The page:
Orange segments, eggs and roasted coffee

Why we should be optimistic this World Food Day

Written by Donald Mavunduse, Director of International Operations at Send a Cow in 2019.

How can we sustainably feed the world?

That’s the million-pound question that people, governments and NGOs have been asking themselves for decades and even more so today on #WorldFoodDay. Send a Cow has been playing its part in the fight against malnutrition and hunger for 31 years and while we don’t have all the answers, we have adapted a sustainable approach to farming that works for rural Africa – and it gives me a reason to be optimistic for the future.

Africa can feed itself – but it’s going to take more than just seeds and tools

Tackling the issues which contribute to hunger requires a multifaceted approach. In rural Africa, the heart of our projects has always been teaching people how to sustainably grow nutritious food in a way that is good for the environment. But this can’t be done in isolation.

Mercy in her garden

Gender training has to be a core focus as well. Why? Because in parts of rural Africa such as Western Kenya, many women and children traditionally eat least and last. Nursing and pregnant mothers and their young children are receiving the least amount of nutrients, which can result in a generation of stunted children who will have impairments for the rest of their lives.

Alongside this, social barriers prevent women from decision making in the home and community. How to spend money, which crops to grow, who eats what – women are being left out of these conversations, which leaves them unable to safeguard their own nutrition and that of their children.

Training and empowering mothers

The best way of tackling chronic malnutrition in children and young people is by upskilling and empowering mothers. If you do that, you can ensure the next generation are nourished and healthy, growing up to be productive adults who can contribute to the family and wider community.

Globally, more than 50% of reductions of all stunting from 1970 to 1995 were attributable to increases in women’s economic, social and family status. There is no denying it; greater gender equality benefits everyone.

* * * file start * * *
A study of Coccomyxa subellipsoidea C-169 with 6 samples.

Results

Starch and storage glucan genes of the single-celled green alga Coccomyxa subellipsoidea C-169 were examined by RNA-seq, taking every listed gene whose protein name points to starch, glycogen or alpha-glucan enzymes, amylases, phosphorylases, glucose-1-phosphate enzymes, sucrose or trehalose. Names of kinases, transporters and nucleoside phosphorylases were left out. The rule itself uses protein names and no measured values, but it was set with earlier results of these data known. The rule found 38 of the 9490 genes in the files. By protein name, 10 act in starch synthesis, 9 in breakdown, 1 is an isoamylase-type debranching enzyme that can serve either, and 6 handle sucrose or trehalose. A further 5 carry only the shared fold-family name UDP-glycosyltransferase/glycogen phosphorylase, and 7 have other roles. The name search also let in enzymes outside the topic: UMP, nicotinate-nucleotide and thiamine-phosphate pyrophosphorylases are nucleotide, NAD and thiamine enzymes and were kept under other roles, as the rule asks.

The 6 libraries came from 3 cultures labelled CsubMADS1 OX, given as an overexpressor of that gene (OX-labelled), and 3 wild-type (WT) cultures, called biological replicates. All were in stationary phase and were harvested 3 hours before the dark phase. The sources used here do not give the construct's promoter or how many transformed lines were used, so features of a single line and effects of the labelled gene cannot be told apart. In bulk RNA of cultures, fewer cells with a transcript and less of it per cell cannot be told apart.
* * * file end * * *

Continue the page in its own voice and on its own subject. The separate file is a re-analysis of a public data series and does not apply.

One of our current projects in Kenya is testament to the effectiveness of this approach.  Funded by UK Aid and the UK government who matched all public donations to our Mother & Child appeal in 2017, we are working with over 1,000 families in Western Kenya, with a special focus on supporting mothers, pregnant women and women of childbearing age.

The project trains women in growing food, nutrition, decision-making and enterprise. We’ve just passed the half way point of the project and the results have been very impressive. Some 60% of families are already ‘food secure’, with enough to eat all year round. Not only are families eating more, but they are eating better; accessing a more varied and nutritious diet.

Mercy and her children

18 months ago, single mother Mercy was struggling to feed her young children. Today, with newly attained skills and knowledge, she’s growing enough to feed herself, her children and is producing a surplus which she sells, providing a vital income. Any extra food she needs she buys at the local market with income from crop sales:

“We are able to eat different types of vegetables and my children’s health has tremendously improved – they are no longer sickly. I never thought my life could be transformed like this.’’

Success stories like Mercy's fill me with hope for the future. With the right approach, we can build a world where everyone has access to healthy diets and where hunger is a thing of the past.